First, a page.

Customer engagement vital to email strategy
Deutsch: I think brands are starting to put Facebook applications up specifically to capture data. If you don't have app engagement on Facebook, you are really very limited in the data you can internalize outside of the Facebook platform. For example a hotel chain might know that 40% of my friends are in Cincinnati, because that's where I grew up. When I get the daily deal or the travel offer, the property in Cincinnati is going to be at the top of my email message because I'm probably much more likely to book a last minute trip Cincinnati than I am somewhere else.
Direct Marketing News: It's interesting we have had some generational conversations. Targeting an older audience at Healthy Directions and Nicole you have mentioned a younger audience, while others have a corporate audience. There was a study that came out recently about how the younger generation just wants to talk to you on social media; they don't read email. Is that true?
Berol: I think the major operating rule is I want what I want when I want it and I want it without all your propaganda, thank you very much. I think that operating rule regardless of the tool is going to continue because it's definitely going to be a me-centric conversation initially until they can convert and become more engaged.
As I look at the cross-generational world in my home and I look at a friend of mine's eleven year old daughter who loaned me her phone. My phone had died and I was using her phone and I said how do you make a phone call? She said I don't know. I said seriously she said I've never used it to make a phone call. I've had it for a year. I don't know that that's not unique. I think there is going to be some generational shifting in terms of what tools get used, what tools get adopted, what tools get abandoned.
Delma: Our audience is actually super sensitive. We are starting really around the age of 13. [When we did] subject line testing, we got the most backlash from changing the formula, which had been the artist names. Teenagers were like, “oh, you sold out to the man.”
We switched back to the prior subject lines. We are implementing required registration this week for the first time in our three or four year history of the site and we are very nervous about it because I think that this is the first time that we are going to ask them for that information that they're not accustomed to.
Direct Marketing News: What spurred the move to requiring registration?
Delma: You know we just see that there is ten times the traffic on the site; they're accessing the content for free. One of the goals of the company is to create a more personalized experience for everybody on behalf of our consumers and our advertisers, in the Pandora-esque model, and we can't do that right now except for a select few whose email addresses we have. Once they log in, they will be able to access anything they want and they will stay logged in, but we need to be able to also provide the feedback back to the providers and the labels and the artists who are giving us the free downloads to be able to say who is listening to your music and then retargeting.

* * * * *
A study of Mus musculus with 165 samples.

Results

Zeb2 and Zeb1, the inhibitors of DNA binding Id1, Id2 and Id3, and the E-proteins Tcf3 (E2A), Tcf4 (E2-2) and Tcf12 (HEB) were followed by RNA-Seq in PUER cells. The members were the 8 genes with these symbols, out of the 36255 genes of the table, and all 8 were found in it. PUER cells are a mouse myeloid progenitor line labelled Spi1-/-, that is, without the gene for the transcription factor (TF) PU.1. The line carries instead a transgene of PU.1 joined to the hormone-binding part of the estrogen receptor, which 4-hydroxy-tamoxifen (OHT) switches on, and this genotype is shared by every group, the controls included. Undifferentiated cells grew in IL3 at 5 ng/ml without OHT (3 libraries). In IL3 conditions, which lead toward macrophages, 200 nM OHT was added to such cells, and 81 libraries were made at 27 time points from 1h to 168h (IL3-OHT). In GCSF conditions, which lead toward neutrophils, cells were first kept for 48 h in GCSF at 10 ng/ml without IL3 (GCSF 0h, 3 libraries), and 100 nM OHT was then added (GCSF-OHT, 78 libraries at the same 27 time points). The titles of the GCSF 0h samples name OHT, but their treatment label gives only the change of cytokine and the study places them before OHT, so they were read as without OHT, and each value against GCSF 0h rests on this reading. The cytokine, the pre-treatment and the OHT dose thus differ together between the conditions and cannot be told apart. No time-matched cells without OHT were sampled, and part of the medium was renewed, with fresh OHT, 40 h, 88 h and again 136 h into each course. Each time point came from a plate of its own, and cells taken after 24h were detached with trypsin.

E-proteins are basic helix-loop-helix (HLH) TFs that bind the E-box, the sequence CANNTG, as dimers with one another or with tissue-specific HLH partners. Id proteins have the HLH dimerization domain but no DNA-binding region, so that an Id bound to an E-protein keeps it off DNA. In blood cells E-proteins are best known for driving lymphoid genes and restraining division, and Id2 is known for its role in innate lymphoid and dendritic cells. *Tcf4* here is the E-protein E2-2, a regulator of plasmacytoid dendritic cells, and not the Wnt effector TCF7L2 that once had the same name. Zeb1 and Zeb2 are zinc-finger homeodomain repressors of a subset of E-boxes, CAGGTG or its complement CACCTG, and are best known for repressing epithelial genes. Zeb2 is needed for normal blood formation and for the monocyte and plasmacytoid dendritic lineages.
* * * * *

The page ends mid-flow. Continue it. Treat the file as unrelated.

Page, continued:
They are super vocal and they want to be heard and we get lots of submissions, but again we know that we are dealing with a very sensitive, very viral group of people that we don't want to upset.
Direct Marketing News: What is one way that you are looking to improve your email marketing in the next year? What are some of your goals?
Wasserman: More data, smarter targeting, better lifecycle messaging. It's really about continuing to improve in those areas.
Jackson: It's going to be a combination of new automated emails, a new campaign strategy for promotional emails and then secondarily we are looking to utilize new ways of messaging, including for multiple devices that are out there.
Berman: I think for us and we talked about it a little bit earlier is the viral piece of it. Of course we want to have stronger brand voice and things like that in our communications and do a better job of targeting, but really it's about trying to identify those advocates and help them spread the positive word. We're using a number of channels including email.
Deutsch: I think one of the things that we are seeing our customers do this year and it goes back to your question about what's going to win. Is it going to be email in the future or text or social media? It's the investment in multichannel campaign management. We usually decide what is real and what's not real based on the amount of money large enterprises are spending. That's usually a good gauge. What we are seeing is investments in things like Unica, Aprimo, Teradata, SAP, SAS; big investments in systems that are pretty much geared to create a campaign that can be executed in email, mobile, social. it's kind of breaking down the silos that we've traditionally seen at a campaign level and trying to execute across those.
Scheiman: I'm hearing some of the same things from our clients and seeing some of the same activity and realistically, it comes down to how can you get more data in, not just how do I share stuff across the social channels, but give me the data, let me get it in, so that I can share more intelligently. Then how do I go back to some more rigorous testing? I know in recent years there have been so many new things thrown at us that we've been doing a lot of trial and throwing spaghetti against the wall and seeing what sticks. I think we need to start moving back to the rigor that all of direct marketing is built on.
Ray: We will continue to add new data sources and segment deeper and test. I think the biggest focus this year is going to be around reactivation and engagement, looking at some of the people who haven't engaged, and also the ones that are engaging and trying to move them to engaging on multiple channels.